IRS HVUT 2290 form is due by August 31, 2022. If you’re in a rush to prepare your 2290 forms before the deadline, here are 4 mistakes you’ve got to avoid prior to filing.
If you’re reading this, you’re probably in a rush to prepare your 2290 forms before the IRS deadline on August 31, 2022.
If that’s the case, follow this guide with the box-wise instructions on 2290 form reporting.
Also, use this checklist to review your 2290 forms before you eFile.
And if you have drafted your 2290 forms already, this is a good point of reference to check if you’ve made these mistakes and correct them before you file your HVUT 2290 forms with the IRS.
So, let’s get started.
4 Mistakes You’ve Got To Avoid On Your 2290 Forms
Here are 4 rookie mistakes you’ve got to avoid when filing your 2290 forms.
Reporting Incorrect/ Invalid Vehicle Identification Numbers (VINs)
The vehicle identification number or VIN is a key piece of information in your 2290 reports.
If you miss reporting the VIN, but report everything else, the IRS will likely accept your 2290 forms. This is because the IRS does not keep a track of your VINs.
However, you will need to file a fresh 2290 form for the VINs you forgot to report and pay the HVUT due separately on these vehicles.
Further, your Schedule 1 (both copies of which are to be filled by the filer), will be reporting incorrect information. The cross-verification process could be a bit confusing if you’re working with a large fleet.
It’s essential to check that the vehicle identification numbers are validated before they’re reported on your 2290 returns.
Use free online VIN checking tools to validate your VINs.
Reporting Incorrect EINs
This is one of those mistakes you’ve got to avoid at all costs.
Reporting an incorrect Employer Identification Number (EIN) can result in not just file rejections, but penalty assessments from the IRS.
Currently, the IRS is assessing a minimum of $270 penalty for every incorrect EIN/TIN reported. The penalty + interest can go higher if you’re filing for multiple trucking businesses.
TIN discrepancies in general are very expensive mistakes and can cost your business greatly.
Use IRS real-time TIN matching to validate your EINs and prevent TIN discrepancy penalties.
If you’re a paid preparer, it’s even more important to verify your clients’ EINs. Don’t neglect this step. Your reporting mistakes, however honest they might be, shouldn’t cost your clients more money.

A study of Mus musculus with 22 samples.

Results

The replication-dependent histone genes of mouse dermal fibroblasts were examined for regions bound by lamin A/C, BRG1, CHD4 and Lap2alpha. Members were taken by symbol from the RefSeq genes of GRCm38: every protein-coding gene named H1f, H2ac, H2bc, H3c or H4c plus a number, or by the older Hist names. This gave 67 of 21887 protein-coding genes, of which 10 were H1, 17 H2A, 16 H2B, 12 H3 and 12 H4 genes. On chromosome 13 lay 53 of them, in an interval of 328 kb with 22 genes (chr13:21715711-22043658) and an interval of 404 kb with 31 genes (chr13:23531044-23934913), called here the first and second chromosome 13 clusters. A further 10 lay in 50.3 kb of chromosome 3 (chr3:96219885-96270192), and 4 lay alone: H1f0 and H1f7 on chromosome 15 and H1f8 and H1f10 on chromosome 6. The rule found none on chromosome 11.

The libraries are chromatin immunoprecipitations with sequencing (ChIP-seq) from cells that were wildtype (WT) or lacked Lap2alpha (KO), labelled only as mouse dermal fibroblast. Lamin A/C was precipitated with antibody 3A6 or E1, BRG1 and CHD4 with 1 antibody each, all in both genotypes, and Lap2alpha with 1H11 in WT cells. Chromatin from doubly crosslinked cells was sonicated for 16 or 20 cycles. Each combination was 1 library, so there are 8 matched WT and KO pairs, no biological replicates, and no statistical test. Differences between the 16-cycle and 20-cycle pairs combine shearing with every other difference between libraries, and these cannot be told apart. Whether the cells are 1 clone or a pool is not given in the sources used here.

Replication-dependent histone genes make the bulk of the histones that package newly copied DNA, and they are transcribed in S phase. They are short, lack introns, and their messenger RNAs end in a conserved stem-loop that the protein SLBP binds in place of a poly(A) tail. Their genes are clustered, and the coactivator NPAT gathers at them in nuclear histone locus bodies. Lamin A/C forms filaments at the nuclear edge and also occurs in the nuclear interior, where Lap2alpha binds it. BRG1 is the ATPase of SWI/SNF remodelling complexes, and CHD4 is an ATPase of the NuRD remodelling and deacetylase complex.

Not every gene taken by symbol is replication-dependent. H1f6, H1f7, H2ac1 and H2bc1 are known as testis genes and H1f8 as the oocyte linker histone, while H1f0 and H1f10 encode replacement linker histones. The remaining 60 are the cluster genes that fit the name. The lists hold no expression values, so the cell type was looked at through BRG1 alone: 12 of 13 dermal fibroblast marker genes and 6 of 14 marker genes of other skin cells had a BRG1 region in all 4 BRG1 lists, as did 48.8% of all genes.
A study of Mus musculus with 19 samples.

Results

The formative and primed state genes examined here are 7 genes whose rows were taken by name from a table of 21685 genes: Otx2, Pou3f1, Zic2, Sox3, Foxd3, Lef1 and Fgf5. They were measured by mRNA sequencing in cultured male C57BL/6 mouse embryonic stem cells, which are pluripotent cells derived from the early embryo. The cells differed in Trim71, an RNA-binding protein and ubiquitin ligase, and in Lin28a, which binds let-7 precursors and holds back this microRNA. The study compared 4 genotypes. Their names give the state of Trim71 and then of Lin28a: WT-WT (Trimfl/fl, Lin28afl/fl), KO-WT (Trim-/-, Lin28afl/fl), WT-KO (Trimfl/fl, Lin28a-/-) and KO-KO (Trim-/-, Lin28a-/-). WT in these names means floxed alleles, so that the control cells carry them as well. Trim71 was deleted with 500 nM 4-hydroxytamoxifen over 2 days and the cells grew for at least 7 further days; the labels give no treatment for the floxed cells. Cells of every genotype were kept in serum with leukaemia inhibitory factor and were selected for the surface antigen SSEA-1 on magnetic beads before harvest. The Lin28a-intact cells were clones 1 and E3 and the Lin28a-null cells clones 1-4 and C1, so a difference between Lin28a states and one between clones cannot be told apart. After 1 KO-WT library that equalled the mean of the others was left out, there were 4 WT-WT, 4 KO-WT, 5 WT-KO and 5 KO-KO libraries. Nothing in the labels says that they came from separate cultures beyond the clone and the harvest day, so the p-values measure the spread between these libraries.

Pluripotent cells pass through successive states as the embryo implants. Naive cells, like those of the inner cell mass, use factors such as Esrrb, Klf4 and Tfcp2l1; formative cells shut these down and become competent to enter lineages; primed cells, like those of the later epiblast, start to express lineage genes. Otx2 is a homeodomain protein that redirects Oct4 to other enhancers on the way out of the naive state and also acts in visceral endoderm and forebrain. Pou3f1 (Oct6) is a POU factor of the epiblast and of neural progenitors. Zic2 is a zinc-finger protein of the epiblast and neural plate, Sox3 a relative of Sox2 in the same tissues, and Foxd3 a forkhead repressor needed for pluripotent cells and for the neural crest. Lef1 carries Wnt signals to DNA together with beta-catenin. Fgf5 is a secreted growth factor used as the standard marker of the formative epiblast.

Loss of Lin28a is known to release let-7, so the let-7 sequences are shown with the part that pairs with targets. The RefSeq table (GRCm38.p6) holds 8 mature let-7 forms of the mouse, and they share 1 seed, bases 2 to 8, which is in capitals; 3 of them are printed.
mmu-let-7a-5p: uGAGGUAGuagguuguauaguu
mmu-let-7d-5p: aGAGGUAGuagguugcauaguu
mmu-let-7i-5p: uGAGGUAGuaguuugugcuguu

Reporting Incorrect Month Of First Use
The IRS taxes your vehicle in accordance with the month of first use.
If you bought the vehicle in, say, May 2022, and started using the vehicle in the same month, then May 2022 is the month of first use.
If you bought the vehicle from a seller who hasn’t paid the tax due on the vehicle until May 2022, and you’ve assumed that the tax must have been paid for that period, then you could be penalized for not paying taxes.
Once the title changes, essentially the ownership changes, which means that the new owner is responsible for paying the liabilities due on the vehicle (including taxes).
Similarly, if you’ve failed to pay the tax due on the vehicle after the title change, then the IRS could penalize you for failing to pay the taxes owed.
Always attach paperwork with your 2290 forms if the tax has been paid already by the previous owner.
And if you’ve paid excess HVUT, you can claim a refund from the IRS by filing Form 8849.
Forgetting To Report Tax Suspension Details
If the mileage use limit of your vehicle is less than 5000 miles (for regular vehicles) and 7500 miles (for agricultural vehicles), then your vehicle is suspended from 2290 HVUT taxes.
The tax-suspended vehicles must be reported on Form 2290 with the VINs and mileage use limit information.
The filer needs to declare that the information provided is true and accurate, and may even attach proof to support the claim.
If you do not report this information and continue to operate the tax-suspended vehicle on highways, the state transport authorities and the IRS could prohibit your movement until you provide sufficient paperwork.
It’s just easier to report and file your 2290 returns with the tax-suspended vehicle information to avoid trouble with the IRS.
Check the above information to review and correct your 2290 forms thoroughly before you file your HVUT returns with the IRS.
BONUS: Avoid THIS Mistake At All Costs When Filing Your 2290 Forms Online
Once you’ve reviewed your 2290 forms, don’t be in a rush to eFile your 2290 returns with just anybody.
Your 2290 forms report important information about your company, and it’s important to not compromise the privacy of your business information.
And because you’re in a rush, it’s plausible for you to give into the gimmicks and wicked tricks of bad actors online who want to take advantage of your urgency.
Always file your 2290 forms with an IRS-authorized eFile provider to avoid compromising your business privacy.
In the wrong hands, your business information can be stolen or, worse, it can be fraudulently used as a tool to extort huge amounts of money.
You can prevent all of this by following a simple trick. Verify if someone is really an authorized 2290 eFile provider by checking this list from the IRS.
If they do not exist in this list, then they’re clearly not authorized to provide the eFiling services.
Alternatively, you can just skip this step and eFile your 2290 returns with EZ2290.
EZ2290 is an IRS-authorized eFile provider (you can verify us with the link above), trusted by 10,000+ trucking businesses like you.
- 256-bit bank-level secure & encrypted eFile experiences
- Free 2290 VIN Corrections
- Free Re-files for rejected returns
- Convenient payment options to pay your HVUT online
- Priority 2290 tax support
And much more.
The IRS Form 2290 is due by August 31, 2022.